For the past decade the good folks at Canada Reads have been filling reading wish lists with fiction, but they're trying something different this time around.

The 2012 version of Canada Reads will be all about the non-fiction.

Here's my early list. I'll probably amend it several times over the next couple of months, but here are some of the books I'm thinking about right now.

The Game by Ken Dryden

Still one of the best books about not just hockey, but about sports. Think of it; a smart, literate man finds himself a member of one of the greatest sports teams of all time, and he has the foresight to keep notes of his experiences. Very, very few books have ever given us this kind of insight into the world of professional sports.

On A Cold Road by Dave Bidini

Dave has written a lot of great books, including The Hockey Nomad, but this is my favourite. The stories of bands touring across this massive country to play for almost anyone, combined with Dave's own experiences in The Rheostatics, make this a great read and a real winner. I still reach for it almost once a year.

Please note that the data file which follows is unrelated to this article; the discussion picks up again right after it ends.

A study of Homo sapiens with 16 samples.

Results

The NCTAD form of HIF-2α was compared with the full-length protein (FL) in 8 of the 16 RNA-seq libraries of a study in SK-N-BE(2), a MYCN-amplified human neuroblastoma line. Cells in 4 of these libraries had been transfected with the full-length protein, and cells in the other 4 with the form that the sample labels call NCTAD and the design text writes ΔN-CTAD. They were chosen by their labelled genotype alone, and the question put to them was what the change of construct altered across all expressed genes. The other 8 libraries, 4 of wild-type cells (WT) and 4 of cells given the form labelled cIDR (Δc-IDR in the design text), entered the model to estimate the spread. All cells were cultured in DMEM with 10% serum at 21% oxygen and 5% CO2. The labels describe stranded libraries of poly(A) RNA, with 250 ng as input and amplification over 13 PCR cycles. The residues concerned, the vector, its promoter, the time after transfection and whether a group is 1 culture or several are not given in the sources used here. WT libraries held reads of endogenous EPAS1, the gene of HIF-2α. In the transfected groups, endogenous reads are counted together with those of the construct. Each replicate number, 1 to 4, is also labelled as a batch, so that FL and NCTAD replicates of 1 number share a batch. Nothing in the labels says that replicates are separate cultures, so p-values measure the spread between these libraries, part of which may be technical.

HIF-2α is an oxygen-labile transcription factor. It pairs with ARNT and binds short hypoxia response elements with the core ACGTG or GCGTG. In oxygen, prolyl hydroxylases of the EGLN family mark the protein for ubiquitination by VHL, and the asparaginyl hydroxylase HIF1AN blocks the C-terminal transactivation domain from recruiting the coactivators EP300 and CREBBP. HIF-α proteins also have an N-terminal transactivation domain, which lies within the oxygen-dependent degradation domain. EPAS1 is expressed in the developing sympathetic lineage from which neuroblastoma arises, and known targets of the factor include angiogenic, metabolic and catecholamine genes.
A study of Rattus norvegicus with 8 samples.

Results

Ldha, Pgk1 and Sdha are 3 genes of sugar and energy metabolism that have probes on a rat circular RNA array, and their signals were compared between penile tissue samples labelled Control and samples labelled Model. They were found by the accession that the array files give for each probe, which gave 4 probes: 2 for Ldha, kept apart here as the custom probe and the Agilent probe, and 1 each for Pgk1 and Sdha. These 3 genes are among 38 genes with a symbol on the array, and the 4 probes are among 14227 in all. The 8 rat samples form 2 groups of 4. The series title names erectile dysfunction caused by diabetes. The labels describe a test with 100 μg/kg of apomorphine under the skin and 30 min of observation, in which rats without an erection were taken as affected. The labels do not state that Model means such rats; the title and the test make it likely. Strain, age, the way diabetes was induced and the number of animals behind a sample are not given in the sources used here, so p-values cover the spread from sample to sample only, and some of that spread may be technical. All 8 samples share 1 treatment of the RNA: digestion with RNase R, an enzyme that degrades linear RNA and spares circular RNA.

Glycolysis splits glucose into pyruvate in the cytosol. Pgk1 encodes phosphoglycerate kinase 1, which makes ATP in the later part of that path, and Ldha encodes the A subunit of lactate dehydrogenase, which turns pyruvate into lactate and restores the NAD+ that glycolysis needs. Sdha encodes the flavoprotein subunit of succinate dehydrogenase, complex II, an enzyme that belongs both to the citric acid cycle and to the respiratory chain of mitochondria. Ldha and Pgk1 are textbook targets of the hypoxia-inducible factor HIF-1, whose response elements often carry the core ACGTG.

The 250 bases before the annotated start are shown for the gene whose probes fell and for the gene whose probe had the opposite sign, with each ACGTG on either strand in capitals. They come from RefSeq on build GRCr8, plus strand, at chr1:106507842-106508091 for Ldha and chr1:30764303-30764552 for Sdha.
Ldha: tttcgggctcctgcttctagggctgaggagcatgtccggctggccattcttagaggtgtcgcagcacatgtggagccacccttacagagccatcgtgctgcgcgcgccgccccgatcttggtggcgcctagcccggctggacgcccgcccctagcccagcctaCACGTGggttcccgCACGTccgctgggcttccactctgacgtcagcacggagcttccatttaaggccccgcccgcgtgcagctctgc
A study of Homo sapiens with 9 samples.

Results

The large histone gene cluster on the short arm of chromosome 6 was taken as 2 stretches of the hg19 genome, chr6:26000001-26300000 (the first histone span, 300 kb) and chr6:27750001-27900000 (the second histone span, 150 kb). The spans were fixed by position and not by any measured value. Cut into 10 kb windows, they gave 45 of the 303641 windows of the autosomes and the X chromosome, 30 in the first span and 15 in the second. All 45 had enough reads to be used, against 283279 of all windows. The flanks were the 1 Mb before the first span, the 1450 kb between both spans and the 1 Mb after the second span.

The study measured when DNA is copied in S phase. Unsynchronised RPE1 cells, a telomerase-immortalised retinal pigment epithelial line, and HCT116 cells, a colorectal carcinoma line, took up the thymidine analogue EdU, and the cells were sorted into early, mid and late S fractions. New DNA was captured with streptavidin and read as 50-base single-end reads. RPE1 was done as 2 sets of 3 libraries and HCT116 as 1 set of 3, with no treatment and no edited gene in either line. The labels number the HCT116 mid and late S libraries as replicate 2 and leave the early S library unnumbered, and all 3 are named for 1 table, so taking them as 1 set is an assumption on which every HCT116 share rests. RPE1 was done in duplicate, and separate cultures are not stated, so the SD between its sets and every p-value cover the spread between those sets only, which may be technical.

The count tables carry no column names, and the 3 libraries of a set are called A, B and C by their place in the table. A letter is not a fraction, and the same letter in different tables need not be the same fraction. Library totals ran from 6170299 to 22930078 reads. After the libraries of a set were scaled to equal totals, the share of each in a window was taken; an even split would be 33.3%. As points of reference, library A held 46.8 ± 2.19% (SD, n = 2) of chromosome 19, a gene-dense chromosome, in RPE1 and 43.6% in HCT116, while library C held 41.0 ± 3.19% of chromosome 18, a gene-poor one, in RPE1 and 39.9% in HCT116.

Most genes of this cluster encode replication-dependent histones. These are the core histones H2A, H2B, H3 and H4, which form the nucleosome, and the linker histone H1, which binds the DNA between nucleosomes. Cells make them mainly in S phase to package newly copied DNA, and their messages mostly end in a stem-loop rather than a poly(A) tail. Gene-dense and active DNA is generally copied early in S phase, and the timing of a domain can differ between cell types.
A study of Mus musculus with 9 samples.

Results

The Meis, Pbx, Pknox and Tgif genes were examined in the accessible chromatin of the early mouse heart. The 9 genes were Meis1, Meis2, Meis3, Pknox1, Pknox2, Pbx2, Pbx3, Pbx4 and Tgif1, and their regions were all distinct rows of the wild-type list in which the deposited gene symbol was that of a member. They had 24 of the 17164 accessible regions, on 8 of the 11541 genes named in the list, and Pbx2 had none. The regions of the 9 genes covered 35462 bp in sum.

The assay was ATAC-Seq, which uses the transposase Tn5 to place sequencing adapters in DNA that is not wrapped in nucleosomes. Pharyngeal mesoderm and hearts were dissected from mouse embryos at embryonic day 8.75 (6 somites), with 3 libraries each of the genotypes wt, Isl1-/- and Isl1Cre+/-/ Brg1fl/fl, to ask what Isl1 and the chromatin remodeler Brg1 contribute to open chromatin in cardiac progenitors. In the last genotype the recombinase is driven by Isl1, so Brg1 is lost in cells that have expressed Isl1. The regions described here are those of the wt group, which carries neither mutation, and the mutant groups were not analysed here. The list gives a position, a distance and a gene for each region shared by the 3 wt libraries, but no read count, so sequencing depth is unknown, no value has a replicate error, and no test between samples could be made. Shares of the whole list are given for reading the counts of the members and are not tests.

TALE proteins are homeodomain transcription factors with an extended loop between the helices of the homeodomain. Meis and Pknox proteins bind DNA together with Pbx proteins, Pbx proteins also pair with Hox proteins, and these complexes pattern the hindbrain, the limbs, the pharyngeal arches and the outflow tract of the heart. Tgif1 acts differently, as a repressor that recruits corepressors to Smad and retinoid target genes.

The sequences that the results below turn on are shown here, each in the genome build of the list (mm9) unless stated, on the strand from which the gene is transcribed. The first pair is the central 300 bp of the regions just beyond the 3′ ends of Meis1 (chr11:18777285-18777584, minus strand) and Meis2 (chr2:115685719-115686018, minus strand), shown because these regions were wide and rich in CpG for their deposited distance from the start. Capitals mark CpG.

As Near To Heaven By Sea by Kevin Major

A history of Newfoundland, and a fascinating and funny book. You may think you know a little something about Canada's easternmost corner, but you have no idea how weird and wonderful the history of that place is. Until you read this book, of course.

Baltimore's Mansion by Wayne Johnston

Another book about Newfoundland, this one starts with the story of the colony's first governor. Let's just say things didn't go very well. It include's Johnston's recollections of his own family mixed feelings at joining Canada. Did I say mixed feelings?

Pierre Berton

All right, I live in the Yukon, so there had been be some Pierre Berton in the mix. I did enjoy Arctic Grail, though some people quibble with some of the facts in the book. But I guess I would have to say Klondike should be added. We sometimes get a little tired of gold rush stories here in the territory, but this book really does capture the insanity that gripped the world in 1898. Again, some historians take issue with some of the facts in the book, but you can't take issue with the brilliant storytelling.

A Long Way Gone by Ismael Beah

Ishmael tells his story of being a child soldier in Sierra Leone, and his eventual rescue by UNICEF. It's a heartbreaking book, and the thing that really blew me away is how it changes how you view the news. There are still conflicts erupting every day, children are still being led to war, and you view those stories with more compassion after you read this book.